Bro-tein, nah it’s protein. Not just for athletes and gym rats. Protein is a one of the 3 main macronutrients humans need for optimal function; some would argue the most important.
Protein isn’t only muscle – it comprises most of our connective tissues: tendons, ligaments, hair, skin, nails, fascia, as well as forms the basis of many of the chemical intermediates throughout our body like hormones and even neurotransmitters that our brain requires to function. So protein from our diet and through supplementation if necessary helps in many broader aspects than just building muscle.
Don’t get me wrong – muscle is crucial. By some it is considered “the organ of longevity”. Bones give structure to our body. Muscles, tendons, ligaments attach to bones. The nervous system helps muscles to contract and thus give support to our skeletal system as well as move our body. For my very active individuals and athletes, I suggest about 1 gram of protein per pound of body weight per day. For example, I weight 185# - my goal is to consume 185 grams of protein of various sources throughout my day – sometimes even more on hard training days if I am trying to build muscle and gain weight. For those people who are light to moderately active, sufficient protein intake can be around half your body weight in grams per pound of body weight. For example, if a person weighs 200# and is accustomed to light activity or strain throughout their day, about 100 grams of protein may be sufficient for that person.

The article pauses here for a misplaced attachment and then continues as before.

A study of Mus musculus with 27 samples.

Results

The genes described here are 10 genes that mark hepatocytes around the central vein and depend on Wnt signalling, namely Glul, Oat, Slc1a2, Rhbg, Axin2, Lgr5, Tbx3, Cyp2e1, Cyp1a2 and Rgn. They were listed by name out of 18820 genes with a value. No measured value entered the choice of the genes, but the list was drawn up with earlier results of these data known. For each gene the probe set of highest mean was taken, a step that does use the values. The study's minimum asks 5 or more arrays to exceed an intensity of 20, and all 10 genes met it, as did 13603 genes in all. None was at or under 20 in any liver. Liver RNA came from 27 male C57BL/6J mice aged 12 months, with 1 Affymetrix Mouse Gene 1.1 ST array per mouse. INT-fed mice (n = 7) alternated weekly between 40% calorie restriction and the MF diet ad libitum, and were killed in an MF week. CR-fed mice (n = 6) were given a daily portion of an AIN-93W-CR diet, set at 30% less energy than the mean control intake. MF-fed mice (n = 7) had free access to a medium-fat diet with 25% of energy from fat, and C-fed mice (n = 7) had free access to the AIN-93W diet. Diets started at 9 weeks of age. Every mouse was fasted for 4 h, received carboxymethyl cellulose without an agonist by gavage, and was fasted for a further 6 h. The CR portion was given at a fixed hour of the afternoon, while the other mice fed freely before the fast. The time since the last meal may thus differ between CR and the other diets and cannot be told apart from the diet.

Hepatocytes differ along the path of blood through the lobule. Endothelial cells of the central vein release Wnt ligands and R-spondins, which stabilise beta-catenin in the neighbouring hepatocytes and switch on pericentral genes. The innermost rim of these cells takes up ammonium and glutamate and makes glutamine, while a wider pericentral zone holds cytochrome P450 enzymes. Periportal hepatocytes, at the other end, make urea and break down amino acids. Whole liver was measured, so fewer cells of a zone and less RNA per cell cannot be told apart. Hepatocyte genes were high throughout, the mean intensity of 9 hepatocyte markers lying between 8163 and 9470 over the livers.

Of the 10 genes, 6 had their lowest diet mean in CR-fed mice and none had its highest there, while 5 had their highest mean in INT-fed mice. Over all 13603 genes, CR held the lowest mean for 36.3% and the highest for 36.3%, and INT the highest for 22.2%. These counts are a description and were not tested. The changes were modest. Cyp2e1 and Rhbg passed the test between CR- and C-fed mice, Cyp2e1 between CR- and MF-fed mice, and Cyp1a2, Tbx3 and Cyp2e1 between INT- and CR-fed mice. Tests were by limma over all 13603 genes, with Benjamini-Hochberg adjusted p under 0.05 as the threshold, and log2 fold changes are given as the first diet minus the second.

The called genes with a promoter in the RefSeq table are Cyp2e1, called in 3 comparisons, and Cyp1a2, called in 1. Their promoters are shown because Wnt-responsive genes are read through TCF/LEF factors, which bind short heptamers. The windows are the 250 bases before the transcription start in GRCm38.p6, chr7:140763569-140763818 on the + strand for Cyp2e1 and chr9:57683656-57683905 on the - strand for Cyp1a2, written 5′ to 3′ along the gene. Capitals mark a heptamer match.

Protein helps your body recover. Often I hear from people that they are slow to recover, sore for days after activity, low on energy, experience brain fog, etc. One of my very first questions is how much protein do they consume? If they are undernourished as far as protein intake goes, it’s a likely bet many of these symptoms will ensue at some point.
Protein intake is a crucial regulator of blood sugar and driver of metabolism. Protein is a consistent burning source of fuel for our body. For example, it provides longer lasting energy for our body than do quickly consumed carbohydrates. With protein providing a more efficient fuel source, our blood sugar is on less of a rollercoaster, and often the accommodating symptoms diminish or stop. More stable blood sugar enhances muscle function and activity, which increases metabolism, which increases muscle, which increases metabolism… etc.
So, protein not only helps build muscle; it is also a driver of metabolism, part of what moves our body and holds it together, and helps regulate energy and brain function. Keep up with your bro-tein!